Turning off work email is one way to get employees to sleep

A snooze never hurts.
A snooze never hurts.
Image: Reuters/Carlo Allegri

And while that may not work for all businesses, the practice sends a clear message to its workforce: Get some rest.

There’s some debate about whether we’re actually in a crisis of sleeplessness, but the Centers for Disease Control and Prevention says one in three American adults don’t get enough shuteye.

The management consultants at McKinsey—who noted the pro-sleep email policies of that nameless European car company in a recent report—say lack of sleep can impair leaders and dull their performance. McKinsey warns that staying awake 17 to 19 hours, say, working until midnight after waking up at 6 a.m., can be as detrimental as a blood alcohol level of 0.05%. (A blood alcohol limit of 0.08% is the US nationwide limit for drivers.)

Companies need to do more to encourage healthy sleep habits. And that positive stance on sleep should be part of a broader approach to well-being that includes guidelines for exercise and nutrition, McKinsey says. Employers can also take practical steps, such as shutting off emails at night, setting up teams that can hand off work across time zones, and discouraging red-eye flights. Other companies offer bonuses for employees who actually use their vacation time and disconnect from work.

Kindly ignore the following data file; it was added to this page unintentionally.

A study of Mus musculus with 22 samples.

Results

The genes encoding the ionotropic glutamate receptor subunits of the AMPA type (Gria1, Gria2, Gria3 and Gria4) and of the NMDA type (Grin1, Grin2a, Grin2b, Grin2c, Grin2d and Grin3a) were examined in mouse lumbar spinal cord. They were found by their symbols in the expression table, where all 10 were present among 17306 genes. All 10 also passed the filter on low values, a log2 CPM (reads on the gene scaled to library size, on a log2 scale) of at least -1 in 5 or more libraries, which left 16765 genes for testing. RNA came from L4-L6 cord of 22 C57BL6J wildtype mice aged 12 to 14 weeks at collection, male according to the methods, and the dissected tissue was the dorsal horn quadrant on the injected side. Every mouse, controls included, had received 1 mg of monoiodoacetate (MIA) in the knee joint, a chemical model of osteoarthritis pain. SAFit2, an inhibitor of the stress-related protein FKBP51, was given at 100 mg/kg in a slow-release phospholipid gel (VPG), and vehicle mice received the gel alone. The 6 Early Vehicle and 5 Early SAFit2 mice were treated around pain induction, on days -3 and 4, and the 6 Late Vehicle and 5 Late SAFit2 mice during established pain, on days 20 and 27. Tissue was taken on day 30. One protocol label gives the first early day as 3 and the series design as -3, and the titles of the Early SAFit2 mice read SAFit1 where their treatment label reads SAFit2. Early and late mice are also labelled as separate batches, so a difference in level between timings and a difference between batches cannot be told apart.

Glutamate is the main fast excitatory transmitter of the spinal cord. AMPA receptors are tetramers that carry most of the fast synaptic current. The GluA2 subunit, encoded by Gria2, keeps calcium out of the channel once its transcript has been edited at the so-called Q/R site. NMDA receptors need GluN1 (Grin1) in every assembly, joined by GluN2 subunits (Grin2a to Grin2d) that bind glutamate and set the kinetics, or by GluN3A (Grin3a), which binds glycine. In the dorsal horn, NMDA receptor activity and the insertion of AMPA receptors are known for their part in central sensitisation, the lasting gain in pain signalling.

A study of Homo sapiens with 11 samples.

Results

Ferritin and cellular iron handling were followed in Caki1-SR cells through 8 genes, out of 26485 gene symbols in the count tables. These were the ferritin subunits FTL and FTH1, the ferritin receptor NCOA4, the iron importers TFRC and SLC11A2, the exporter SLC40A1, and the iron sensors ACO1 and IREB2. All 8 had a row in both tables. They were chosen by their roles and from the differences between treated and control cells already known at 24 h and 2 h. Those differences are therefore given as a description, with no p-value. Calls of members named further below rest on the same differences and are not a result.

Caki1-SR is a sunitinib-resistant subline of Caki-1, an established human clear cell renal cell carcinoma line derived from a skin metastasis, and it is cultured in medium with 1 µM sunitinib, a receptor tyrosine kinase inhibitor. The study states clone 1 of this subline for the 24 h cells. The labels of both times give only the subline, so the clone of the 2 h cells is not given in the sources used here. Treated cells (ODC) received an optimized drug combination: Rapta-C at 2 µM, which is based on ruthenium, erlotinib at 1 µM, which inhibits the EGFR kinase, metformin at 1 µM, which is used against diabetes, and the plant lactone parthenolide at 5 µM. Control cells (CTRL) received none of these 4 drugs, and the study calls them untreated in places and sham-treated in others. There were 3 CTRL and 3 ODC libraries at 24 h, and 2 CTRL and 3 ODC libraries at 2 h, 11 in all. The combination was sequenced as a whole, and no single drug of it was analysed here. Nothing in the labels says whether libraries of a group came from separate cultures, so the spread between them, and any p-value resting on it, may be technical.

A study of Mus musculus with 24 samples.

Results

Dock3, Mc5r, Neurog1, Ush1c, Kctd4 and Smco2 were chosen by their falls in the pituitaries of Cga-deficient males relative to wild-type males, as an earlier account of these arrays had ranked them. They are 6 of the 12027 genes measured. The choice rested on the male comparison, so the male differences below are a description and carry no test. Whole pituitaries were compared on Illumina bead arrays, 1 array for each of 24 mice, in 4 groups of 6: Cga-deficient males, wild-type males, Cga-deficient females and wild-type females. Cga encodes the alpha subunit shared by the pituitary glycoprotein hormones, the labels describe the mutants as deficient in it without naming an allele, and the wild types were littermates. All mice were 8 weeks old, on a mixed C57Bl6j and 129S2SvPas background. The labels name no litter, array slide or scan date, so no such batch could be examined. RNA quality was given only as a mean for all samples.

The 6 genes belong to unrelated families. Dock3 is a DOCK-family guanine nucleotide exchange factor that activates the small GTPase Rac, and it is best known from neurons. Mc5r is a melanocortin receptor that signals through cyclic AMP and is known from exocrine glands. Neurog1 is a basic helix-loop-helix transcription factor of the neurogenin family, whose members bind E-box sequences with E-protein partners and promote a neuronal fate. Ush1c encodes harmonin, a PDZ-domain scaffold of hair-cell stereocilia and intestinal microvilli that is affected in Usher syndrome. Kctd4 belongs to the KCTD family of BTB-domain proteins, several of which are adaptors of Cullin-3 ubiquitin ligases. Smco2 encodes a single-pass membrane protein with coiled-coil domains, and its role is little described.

Some notoriously hard-driving firms are moving in the right direction, even if it’s only with baby steps. Goldman Sachs last summer said interns couldn’t work more than 17 hours, a measure some linked to the high-profile deaths of young people who had been working punishing schedules in the finance industry.

And if companies aren’t motivated to promote sleep out of concern for their employees’ health, they may be inspired by more prosaic reasons: As millennials are increasingly drawn to companies that value a work-life balance, sleep-starved employers may struggle to retain top talent.